A winter innovation: Check your coat at the airport
Some little things are a big help to passengers, including winter coat storage at Frankfurt and Korea airports.
The New York Times
Northwest travel guides
It’s getting cold in the Northern Hemisphere, and that means we are about to enter the Winter Campaign in the overhead bin wars.
With passengers stowing all those coats on jampacked airplanes, it’s more difficult than ever to claim space in the overhead bins for carry-on bags. Ask any flight attendant about that challenge. But one international airport has come up with an idea that in a small way addresses the question of what to do with that bulky coat.
Check it, just as in a restaurant.
That would be Frankfurt Airport, Germany’s main hub and, with 57.5 million passengers last year, the third-busiest in Europe after London Heathrow and Paris Charles de Gaulle. Frankfurt recently expanded a winter-coat service that it introduced last year as a holiday promotion. “Because of the positive feedback, we started the special coat offer earlier this year,” said Robert A. Payne, an airport spokesman. “Previously, passengers didn’t really think of checking their winter coats.”
Another coat-check service is offered by Korean Air for its passengers at Incheon International Airport in South Korea. It’s very popular, said Penny Pfaelzer, an airline spokeswoman. “Who wants to lug a winter coast to Hawaii?” she asked.
Of course, a service like this makes sense mainly for passengers departing from cold-weather locations on round trips to warm-weather destinations. In most such places, driving to the airport and leaving a coat in the car solves the problem — but lots of people in Europe and Asia take public transportation to the airport. Frankfurt, for example, has a dense catchment area (basically, its market) that encompasses nearly half of the population of Germany, and is well served by high-speed connections.
The standard daily price for checking a winter coat at Frankfurt is 50 euro cents, about 67 cents in the United States. At Incheon, Korean Air provides it free to passengers.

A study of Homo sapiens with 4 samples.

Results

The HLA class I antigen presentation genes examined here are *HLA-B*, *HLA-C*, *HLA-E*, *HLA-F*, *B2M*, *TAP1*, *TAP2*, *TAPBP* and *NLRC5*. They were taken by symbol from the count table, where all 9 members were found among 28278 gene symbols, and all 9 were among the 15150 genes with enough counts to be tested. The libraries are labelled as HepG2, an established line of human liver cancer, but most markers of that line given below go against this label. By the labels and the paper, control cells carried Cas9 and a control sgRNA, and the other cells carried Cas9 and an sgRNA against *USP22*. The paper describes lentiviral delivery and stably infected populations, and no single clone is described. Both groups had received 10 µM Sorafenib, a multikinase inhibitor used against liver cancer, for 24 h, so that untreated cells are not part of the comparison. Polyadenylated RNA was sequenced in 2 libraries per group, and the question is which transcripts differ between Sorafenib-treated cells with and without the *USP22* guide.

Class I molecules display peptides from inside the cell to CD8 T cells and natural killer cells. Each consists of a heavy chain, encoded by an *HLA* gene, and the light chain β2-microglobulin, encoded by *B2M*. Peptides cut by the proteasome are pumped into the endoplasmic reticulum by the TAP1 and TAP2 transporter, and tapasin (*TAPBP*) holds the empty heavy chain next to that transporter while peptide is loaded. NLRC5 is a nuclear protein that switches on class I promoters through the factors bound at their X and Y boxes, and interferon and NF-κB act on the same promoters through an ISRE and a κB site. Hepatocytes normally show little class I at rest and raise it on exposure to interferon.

Yes, it’s a tiny amenity, but to me it helps underscore how airports have evolved in recent decades from basically giant, glorified bus stations to places where customer service and marketing innovation often shine. At many airports, the managers are thinking creatively about these things — and for all customers, not just the premium-status ones the airlines focus so much on.
Ask any frequent business traveler about airport preferences and amenities and you’ll get an earful. Yes, we all have our top airports to hold in disdain (hey, I’m talking to you, La Guardia). But we all also have our favorites, and amenities are a big part of that.
Most business travelers who fly internationally will agree with the World Airport Award listings compiled annually from details reviews by the British research company Skytrax. We may quibble over specific ranks and argue that the Skytrax results are heavily weighted to airports outside the United States, but yes, in general the global airports held in the highest esteem include Singapore Changi, Incheon, Amsterdam Schiphol and Hong Kong International. You undoubtedly have your own candidates.
No airport in the United States, by the way, makes the 2013 Skytrax list until No. 30 — Cincinnati-Northern Kentucky, though Vancouver (B.C.) International, at No. 8, does put a North American airport in the top 10.
But back to the coat-check innovation, which shows that new ideas can make air travel less burdensome — and add just a tiny bit to the revenue airports generate from passenger services, as opposed to airline operations. In the United States, that revenue has been growing robustly, up 59 percent over the last 12 years to $16.9 billion in 2012, according to the Airports Council International-North America.
About two-thirds of that comes from parking, ground transportation and rental car concessions, and the next biggest chunk, about 16 percent, from food, beverage and retailing. About 5 percent comes from miscellaneous services. And a roomful of checked coats obviously is pretty small change.
But it’s there for you, at least at Frankfurt. Many major airports offer services to check suitcases for limited periods of time ($4 to $16 a day at Kennedy in New York; $6.50 to $24 a day at Heathrow), but coat-checking looks like an idea that could work elsewhere. Coin-operated airport lockers still are available at some airports abroad, but they mostly disappeared at domestic airports after a terrorist explosion in a locker at La Guardia in 1975 killed 11 and injured more than 70.
Will it spread? “Well, it’s an interesting thought, but a very limited market,” said Michael Sommer, a technology consultant who travels frequently. But like any seasoned traveler, he also saw some potential bumps in the road. “What if you’re leaving from Frankfurt to Miami in February, but you get diverted to Boston?” he asked. “Or Moscow?”
Still, he agreed that it showed the value of innovation at airports. And he had an idea, too: “Why can’t they also offer you dry-cleaning service at the coat check?”